Iran's Biggest Accelerator Takes in 17 StartupsIran's Biggest Accelerator Takes in 17 Startups

Avatech, one of Iran’s biggest startup accelerators has launched its pre-accelerator program with 17 teams for the first round in 2017.

 Called ‘Avacamp’, the program is designed to host business before they get picked by the startup accelerator for the full program in a few months.

The initial program will last two months, with each team expected to produce a minimum viable product (MVP) that must show the basics of any product offered by the company. If the groups fail to deliver a MVP, they won’t be considered for the later stage.

A MVP can be anything from the bare-bones software, website, app or even an electronic item. It is usually the first hurdle when a startup begins the process of creating a business.  

When the last of the pre-accelerator teams join Avacamp by the February 7 cut-off, they will go through the initial mentoring round, according to techrasa.com a local technology website.

Steps will include various workshops on topics such as lean canvas, MVP, UX/UI, customer interviews, marketing, delivered by some of Iran’s top startup gurus.  

The point of the pre-accelerator program, which runs on international recommendations, is to weed out the weaker startups before they enter the accelerator stage.

Previously, dozens of potentially million-dollar startups hit the buffers in the local market, due to a plethora of reasons, namely poor finances, product weakness and low camaraderie between founders.

 Failures in the Majority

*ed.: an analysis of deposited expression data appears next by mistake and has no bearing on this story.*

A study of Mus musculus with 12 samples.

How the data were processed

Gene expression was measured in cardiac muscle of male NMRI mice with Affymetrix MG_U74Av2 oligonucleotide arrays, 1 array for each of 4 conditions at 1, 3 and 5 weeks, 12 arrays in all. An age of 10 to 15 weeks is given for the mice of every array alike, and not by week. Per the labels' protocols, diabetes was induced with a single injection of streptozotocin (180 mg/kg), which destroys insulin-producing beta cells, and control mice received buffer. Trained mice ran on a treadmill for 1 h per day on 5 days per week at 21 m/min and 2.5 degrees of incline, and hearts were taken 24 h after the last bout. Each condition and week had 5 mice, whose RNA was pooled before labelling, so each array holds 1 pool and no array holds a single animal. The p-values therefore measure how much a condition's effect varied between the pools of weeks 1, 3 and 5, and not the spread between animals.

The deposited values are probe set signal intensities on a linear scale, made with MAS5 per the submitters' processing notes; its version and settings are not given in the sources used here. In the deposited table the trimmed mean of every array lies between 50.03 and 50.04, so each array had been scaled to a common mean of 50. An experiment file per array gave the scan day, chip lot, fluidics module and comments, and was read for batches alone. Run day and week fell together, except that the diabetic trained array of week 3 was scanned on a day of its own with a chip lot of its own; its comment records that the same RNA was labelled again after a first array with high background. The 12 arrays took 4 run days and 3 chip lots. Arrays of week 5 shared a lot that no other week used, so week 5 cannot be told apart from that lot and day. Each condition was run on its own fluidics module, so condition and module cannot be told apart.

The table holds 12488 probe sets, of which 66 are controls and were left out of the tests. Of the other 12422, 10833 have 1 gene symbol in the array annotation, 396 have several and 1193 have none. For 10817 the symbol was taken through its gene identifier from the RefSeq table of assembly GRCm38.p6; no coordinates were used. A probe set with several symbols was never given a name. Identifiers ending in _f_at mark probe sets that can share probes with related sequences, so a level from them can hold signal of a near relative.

One of the key issues reported by mentors is the continuity issue of the startup companies. On average, some 90% of startups in the United States fail in their first twelve months of operation. Another 80% fail in the second year according to some statistics.

In Iran, this figure is believed to be higher according to former business owners who went through accelerators in the past.

On average, according to Forbes, the biggest reason why new found businesses collapse is they make products no one wants. A survey of failed startups determined that 42% of them identified the “lack of a market need for their product” as the single biggest reason for their failure.

With this round, Avatech’s liability is reduced, and the firm’s cash investment is also at less risk if any of them fail to make the grade.

When the selected few do make it through the initial round, they will be offered investment packages depending on their needs. This offer differs from previous years when companies signed a one-size-fit-all offer.

Previously, Avatech would own a 15% share in the company by the end of the acceleration period. The new contract says Avatech’s share will vary from 8% to 15%, the local technology website webna.ir reported last week.  

Coincidentally, the 8% ownership stake is closer to international norms of investing in startups.

Another change for this year includes a possible investment increase of up to 1 billion rials ($25,000), which is a leap forward from the standard investment of 250 million rials ($6,250).